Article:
A tile-based system would be sufficient, but don't forget things like using cover effectively, range of sight, zones of cover or concealment, and various types of attack/defense. I'm thinking of gunfights, here, but if you're thinking swords and sorcery, you might do it differently.

EDIT: Think about excluding levelling systems. If it's to be a duel system, then levelling will just lead to invincible characters. Nobody could touch the top guy, and he'd have no challenges. Instead, maybe a customization method, based on the assignation of a finite number of points, would be better. It would also be conducive to teamwork and specialization.

Or, if you do include levelling, make sure that XP is gained based on the difficulty of the fight. If a level 60 player wants to get any decent XP, he'll have to fight two or three lvl 40 opponents. If he wins, he gets some decent XP, and if he loses all of his enemies get a ton of XP.

Better still, dish out XP in real-time, like Tactics Ogre. A maneuver would award XP based on difficulty, success, and effect. That way, you can improve even if you don't win the fight, and the newb will learn a lot from fighting his betters. Of course, if you get steamrolled before you get a chance to attack, you won't gain anything, which will compel players to be reasonable about their fights. No getting maxxed out by having six archdemons crush your skull three times a day.


The primitive form of turn-based 'battle' is chess. The rules are simple and deterministic. In addition to that the designer of chess did not need to know all the strategies involve. However, chess is able to provide a platform for strategies. Why?

1) Variation of intention
In a chess game, when I move my knight, you do not necessary know what I will do afterwards. While you don't know exactly what I am trying to do, you know that that move is part of a strategy. Is there variation in the type of targets that I can attack? How many ways are there to win (how many ways are there to defeat the opponent)? In what ways is each move a meaningful clue for the opponent? Referring to you point system, how many things can a player do by saving points? Does the actions of saving points provide meaning clues for the opponent, or does it regress into a game of guessing?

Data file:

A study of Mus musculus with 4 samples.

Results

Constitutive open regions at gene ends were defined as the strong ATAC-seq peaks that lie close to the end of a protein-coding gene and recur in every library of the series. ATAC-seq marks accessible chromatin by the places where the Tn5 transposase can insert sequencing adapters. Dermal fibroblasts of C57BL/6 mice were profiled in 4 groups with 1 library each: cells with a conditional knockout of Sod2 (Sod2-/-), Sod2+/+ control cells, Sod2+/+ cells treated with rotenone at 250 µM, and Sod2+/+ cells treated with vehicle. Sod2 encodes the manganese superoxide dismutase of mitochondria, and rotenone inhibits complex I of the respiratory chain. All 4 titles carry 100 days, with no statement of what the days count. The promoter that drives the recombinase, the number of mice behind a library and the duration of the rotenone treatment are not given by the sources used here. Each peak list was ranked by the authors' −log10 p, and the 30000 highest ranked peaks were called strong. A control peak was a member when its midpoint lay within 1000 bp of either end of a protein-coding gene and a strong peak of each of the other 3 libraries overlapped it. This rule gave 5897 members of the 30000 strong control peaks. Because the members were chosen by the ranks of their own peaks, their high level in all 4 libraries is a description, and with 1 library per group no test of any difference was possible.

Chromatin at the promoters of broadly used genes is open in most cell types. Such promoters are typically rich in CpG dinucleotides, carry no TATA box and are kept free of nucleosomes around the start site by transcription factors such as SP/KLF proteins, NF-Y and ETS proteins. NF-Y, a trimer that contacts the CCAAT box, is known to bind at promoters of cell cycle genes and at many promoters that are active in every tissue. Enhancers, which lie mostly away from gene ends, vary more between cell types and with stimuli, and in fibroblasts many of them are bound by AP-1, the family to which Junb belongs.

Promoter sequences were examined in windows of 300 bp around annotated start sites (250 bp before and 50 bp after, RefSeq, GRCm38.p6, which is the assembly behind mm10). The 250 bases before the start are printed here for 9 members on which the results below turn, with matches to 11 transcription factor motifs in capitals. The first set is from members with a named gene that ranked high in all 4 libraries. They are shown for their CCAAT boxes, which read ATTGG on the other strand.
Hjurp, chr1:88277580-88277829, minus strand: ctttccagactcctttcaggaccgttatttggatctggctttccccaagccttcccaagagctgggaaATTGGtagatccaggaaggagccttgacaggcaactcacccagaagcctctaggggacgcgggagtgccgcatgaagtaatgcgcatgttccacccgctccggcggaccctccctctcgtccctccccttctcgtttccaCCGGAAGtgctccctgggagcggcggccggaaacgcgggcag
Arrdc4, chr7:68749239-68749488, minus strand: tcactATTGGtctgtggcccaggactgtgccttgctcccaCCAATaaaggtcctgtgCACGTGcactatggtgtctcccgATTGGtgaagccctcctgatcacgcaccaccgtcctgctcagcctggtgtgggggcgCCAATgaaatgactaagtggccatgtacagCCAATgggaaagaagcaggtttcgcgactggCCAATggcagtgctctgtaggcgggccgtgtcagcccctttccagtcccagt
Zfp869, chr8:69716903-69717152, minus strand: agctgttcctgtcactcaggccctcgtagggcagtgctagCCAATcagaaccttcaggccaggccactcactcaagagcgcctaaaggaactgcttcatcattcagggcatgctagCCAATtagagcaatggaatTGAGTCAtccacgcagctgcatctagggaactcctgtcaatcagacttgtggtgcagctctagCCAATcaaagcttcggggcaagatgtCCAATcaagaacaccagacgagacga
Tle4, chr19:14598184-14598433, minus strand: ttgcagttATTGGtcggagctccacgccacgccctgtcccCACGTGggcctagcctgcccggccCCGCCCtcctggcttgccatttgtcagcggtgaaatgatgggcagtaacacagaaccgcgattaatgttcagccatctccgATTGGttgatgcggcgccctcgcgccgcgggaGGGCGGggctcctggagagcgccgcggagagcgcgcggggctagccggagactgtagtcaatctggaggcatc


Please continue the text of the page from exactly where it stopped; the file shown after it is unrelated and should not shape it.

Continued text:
2) Delay between cause and effect
In chess, this refers to the setup required for a checkmate. As long as the opponent can predict the effect earlier enough, there are ways to counter the strategy. In your system, this refers to your point system, that there is a delay before you can perform the multi-point actions. Is there enough delay between the causes and effect for the opponent to react? Are there ways to counter the strategies in your system?

3) Incorporation of enemy moves in strategies
In chess, enemy moves are considered and incorporated in strategies (i.e. I knew you would do that therefore I did this beforehand, so that when you got there I could ...) To what degree do you provide strategies in these forms? How do enemy moves make certain strategies preferable and applicable? How do enemy moves make certain strategies inapplicable?

4) Deterministic outcome
Due to the risk already involved in planning and execution of strategies, the harder the strategy is to setup, the more the outcome should be deterministic. In other words, if I take several turns to setup a super attack under your scrutiny, that attack shouldn't miss. And when that attack is execute, I should know very well what state you will be in. You can deduce that every element involved in setting up should be more or less deterministic. In general, these opportunities are one-time only. These are not games in which a player will be satisfied with "well, out of 100 times that I use this strategy, 80 of the final moves deliver the desired effect" The more indeterministic the outcome, the more you will drive the player away from risk taking and strategy, and relies on 'fail-safe' modes such as relying on damage-over-time, and playing too defensively.


Putting them together:

Elemental seals combat system (Turn-based):

In this combat system, you can move around, attack directly, cast spells, and all the usual things. However, whenever you cast a spell (spells are all elemental in this example), a symbol (or a colored dot) is created on the shared grid representing the environmental affinity to the elements. As the battle goes on, certain patterns on the grid can be harnessed to allow certain higher power spells, summons, and whatnots. After the pattern is used it is discharged and disappears from the gird, to allow patterns being discharged in sequence.